October 7, 2016
In the 2013 report Global Health 2035: a world converging within a generation, the Lancet Commission on Investing in Health (CIH) showed that by increasing focused health sector investments, nearly all countries could achieve a “grand convergence” in global health by 2035 – a reduction in the rates of infectious, child, and maternal deaths to the levels of the best performing middle-income countries. In order to achieve such dramatic health gains, developing countries need to overcome significant funding gaps for their health systems. Addressing this resource gap is further challenged when countries transition into new income classifications that reduce access to external development assistance for health. Recently, the CIH partnered with researchers from the African Health Economics and Policy Association (AfHEA) to examine the fiscal implications for health financing in Ghana and Kenya as both countries graduate from Low Income Country (LIC) to Lower-Middle Income Country (LMIC) status. On September 27th, at the African Health Economics and Policy Association 4th Biennial Scientific Conference in Rabat, Morocco, this research partnership culminated in the presentation of country-specific analysis and policy recommendations.
CIH Commissioner Dr. Helen Saxenian set the stage for the series of presentations by reviewing several key sources of finance for achieving convergence including economic growth, mobilization of domestic resources, external development assistance for health, inter-sectoral budgetary reallocations, and improved health sector efficiency. She then discussed the recent re-basing of GDP in Ghana (2010) and Kenya (2014), the transition from LIC to LMIC status, and the resulting challenges for health financing in both countries. Dr. Saxenian emphasized the potential gains from stronger “win-win” tax policies such as taxes on alcohol, sugar, and tobacco, as well as a reallocation of fossil fuel subsidies toward the health sector. These strategies serve the dual purpose of improving health in the short term and raising revenue that can be directed towards public health needs for years to come.
AfHEA affiliated researchers Dr. Justice Nonvignon, Dr. Jacob Novignon, and Dr. Genevieve Aryeetey followed by presenting new research on the funding gap in Ghana and Kenya, the estimated domestic funding requirements to achieve a grand convergence in both countries, and potential sources of domestic resources to achieve this goal. Their research estimates that in order to reach a grand convergence, significant investment over and above current spending will be needed in both countries. Dr. Novignon presented the context in Ghana, highlighting the need for greater effort to raise domestic resources for health through broadening the tax base, improving health systems efficiency, and increasing private sector engagement for health. Novignon suggested that there are significant gains to be made by improving the efficiency of rural health facilities and by stimulating economic growth as a means of accumulating tax revenue. Dr. Aryeetey echoed these sentiments when examining potential paths forward for Kenya. She emphasized the need to enhance tax compliance and collection in order to raise domestic resources, as well as the need to curtail less productive expenditures within the health system. Both presenters underscored the importance of overall efficiency gains in both taxation and health service delivery.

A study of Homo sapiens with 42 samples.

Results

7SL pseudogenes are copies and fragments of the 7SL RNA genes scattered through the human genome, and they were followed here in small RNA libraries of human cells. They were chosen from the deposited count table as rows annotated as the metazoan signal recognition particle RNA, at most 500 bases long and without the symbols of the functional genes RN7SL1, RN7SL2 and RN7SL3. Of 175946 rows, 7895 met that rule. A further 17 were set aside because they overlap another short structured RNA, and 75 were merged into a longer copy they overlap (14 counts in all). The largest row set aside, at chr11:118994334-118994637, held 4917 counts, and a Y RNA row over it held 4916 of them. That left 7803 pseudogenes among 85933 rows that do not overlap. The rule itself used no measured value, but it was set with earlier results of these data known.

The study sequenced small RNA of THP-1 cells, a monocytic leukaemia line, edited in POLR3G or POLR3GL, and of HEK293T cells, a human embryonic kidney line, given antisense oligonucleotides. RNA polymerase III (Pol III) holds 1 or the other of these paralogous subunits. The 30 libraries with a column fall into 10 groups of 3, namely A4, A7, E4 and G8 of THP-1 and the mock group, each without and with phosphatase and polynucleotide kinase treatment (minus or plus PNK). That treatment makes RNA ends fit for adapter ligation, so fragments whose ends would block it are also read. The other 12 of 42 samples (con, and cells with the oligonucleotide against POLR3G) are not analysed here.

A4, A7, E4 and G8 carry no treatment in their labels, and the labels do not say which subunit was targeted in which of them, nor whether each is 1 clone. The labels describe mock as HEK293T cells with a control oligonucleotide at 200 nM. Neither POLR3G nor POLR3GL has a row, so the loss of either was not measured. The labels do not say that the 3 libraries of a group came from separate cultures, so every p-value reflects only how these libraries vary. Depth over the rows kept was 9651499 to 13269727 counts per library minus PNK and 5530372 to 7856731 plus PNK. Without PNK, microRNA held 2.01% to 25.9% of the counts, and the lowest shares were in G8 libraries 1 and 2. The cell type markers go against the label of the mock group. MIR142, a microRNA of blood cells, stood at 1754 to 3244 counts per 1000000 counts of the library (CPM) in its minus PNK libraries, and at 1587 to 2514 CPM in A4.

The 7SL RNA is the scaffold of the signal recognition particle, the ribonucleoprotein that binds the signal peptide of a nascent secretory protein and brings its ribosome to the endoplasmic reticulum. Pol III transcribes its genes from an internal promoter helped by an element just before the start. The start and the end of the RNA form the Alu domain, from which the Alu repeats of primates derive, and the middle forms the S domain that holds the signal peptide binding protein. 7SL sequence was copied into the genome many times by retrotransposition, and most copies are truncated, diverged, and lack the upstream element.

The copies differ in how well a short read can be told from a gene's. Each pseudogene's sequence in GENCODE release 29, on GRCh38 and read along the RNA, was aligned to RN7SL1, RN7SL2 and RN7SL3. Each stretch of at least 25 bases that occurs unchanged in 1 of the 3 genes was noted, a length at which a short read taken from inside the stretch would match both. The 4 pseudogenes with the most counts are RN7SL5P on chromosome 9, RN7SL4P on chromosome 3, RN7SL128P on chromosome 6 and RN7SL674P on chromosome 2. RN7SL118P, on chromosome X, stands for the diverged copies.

Mr. Benjamin Nyakutsey (Head of Policy in the Policy Planning, Monitoring and Evaluation Department, Ghana Ministry of Health) concluded the presentations by offering a Ministry of Health perspective on the policy implications of this research in Ghana. He laid out a series of key health sector responses including bridging equity gaps in access to health services, ensuring sustainable financing for health care delivery by revising the National Health Insurance Scheme, and improving efficiency in management of the health system through stronger inter-sectoral collaboration. Nyakutsey ended the presentations by calling for greater political will and a broad attitudinal shift in Ghana to achieve the ultimate goal of a grand convergence in health. He highlighted the need to make the investment case clear to national governments in order to spark sustained commitment to health in transitioning countries like Ghana.
The panel participants closed by further discussing the policy implications of their research with audience members. With many LMIC governments preparing to respond to changes in national income status and seeking ways to mobilize domestic resources for health, lessons from Kenya and Ghana were relevant for policy makers and researchers in the audience, and the global health agenda more broadly.